Join us for our fourth and final Sydney Asian Art Series lecture of 2020 with Yung Ma, Artistic Director of Seoul Mediacity Biennale 2021, for his lecture “Reimagining and Conserving the Disappearance of Hong Kong through Moving Image”.
Monday 23 November
About the Speaker
Yung Ma is Artistic Director of Seoul Mediacity Biennale 2021 His most recent roles was curator in the Contemporary and Prospective Creation Department at the Centre Pompidou, Paris, a post created in collaboration with K11 Art Foundation. Ma was formerly Associate Curator of Moving Image at M+, Hong Kong, and co-curator of the Hong Kong Pavilion at the Venice Biennale in 2009 and 2013. He holds an MA in Curating Contemporary Art from the Royal College of Art, London, and a BA from the University of Reading, UK. He has also taken part in a post-graduate degree in Film Direction from the Beijing Film Academy.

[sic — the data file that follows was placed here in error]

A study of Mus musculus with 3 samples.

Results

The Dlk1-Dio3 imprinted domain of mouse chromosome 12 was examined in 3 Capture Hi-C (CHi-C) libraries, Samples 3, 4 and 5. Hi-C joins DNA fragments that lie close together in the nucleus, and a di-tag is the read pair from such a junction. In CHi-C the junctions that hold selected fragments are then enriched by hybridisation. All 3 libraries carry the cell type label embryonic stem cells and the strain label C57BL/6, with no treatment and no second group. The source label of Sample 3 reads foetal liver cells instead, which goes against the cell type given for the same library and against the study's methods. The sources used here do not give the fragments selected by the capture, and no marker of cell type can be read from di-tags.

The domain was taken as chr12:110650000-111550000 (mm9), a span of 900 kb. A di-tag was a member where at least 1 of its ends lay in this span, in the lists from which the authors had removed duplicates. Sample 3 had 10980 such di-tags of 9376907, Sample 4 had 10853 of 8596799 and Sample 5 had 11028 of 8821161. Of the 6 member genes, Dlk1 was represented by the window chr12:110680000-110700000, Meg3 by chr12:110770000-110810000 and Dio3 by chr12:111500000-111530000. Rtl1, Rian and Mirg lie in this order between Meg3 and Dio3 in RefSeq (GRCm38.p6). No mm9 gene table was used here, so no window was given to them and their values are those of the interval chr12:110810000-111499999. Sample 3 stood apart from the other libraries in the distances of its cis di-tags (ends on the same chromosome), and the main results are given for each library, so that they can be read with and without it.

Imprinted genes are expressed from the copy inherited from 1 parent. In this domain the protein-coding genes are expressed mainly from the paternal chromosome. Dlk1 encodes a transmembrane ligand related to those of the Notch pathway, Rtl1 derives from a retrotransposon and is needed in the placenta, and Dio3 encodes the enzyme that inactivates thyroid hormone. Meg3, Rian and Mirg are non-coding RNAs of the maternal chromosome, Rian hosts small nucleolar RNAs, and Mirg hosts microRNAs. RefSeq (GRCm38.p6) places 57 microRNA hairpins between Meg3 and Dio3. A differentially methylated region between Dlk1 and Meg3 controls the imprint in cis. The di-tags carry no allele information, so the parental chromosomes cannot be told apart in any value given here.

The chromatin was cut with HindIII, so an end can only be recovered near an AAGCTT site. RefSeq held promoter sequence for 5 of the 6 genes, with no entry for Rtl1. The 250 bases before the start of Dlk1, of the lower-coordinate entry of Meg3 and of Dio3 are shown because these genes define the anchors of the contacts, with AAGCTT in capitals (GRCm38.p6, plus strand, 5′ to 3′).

The 2020 Sydney Asian Art Series
Each year, the Sydney Asian Art Series gathers leading international voices on critical issues in early, modern and contemporary Asian art. In response to the cancellation of in-person events, the 2020 series has moved online. As we embrace this virtual format, the 2020 series aptly explores the intersections of art and visual technologies, in the context of Mainland China, Hong Kong, Japan and South Asia. Learn more here.
This series of talks and events is co-presented by the University of Sydney’s China Studies Centre, The Power Institute, and VisAsia, with support from the Art Gallery of New South Wales. Originating in and celebrating the very latest and best scholarship in Asian art from around the world, this initiative complements the Art Gallery of New South Wales’ innovative exhibition program in Asian art, and the University of Sydney’s region-leading programs in the arts and cultures of Asia.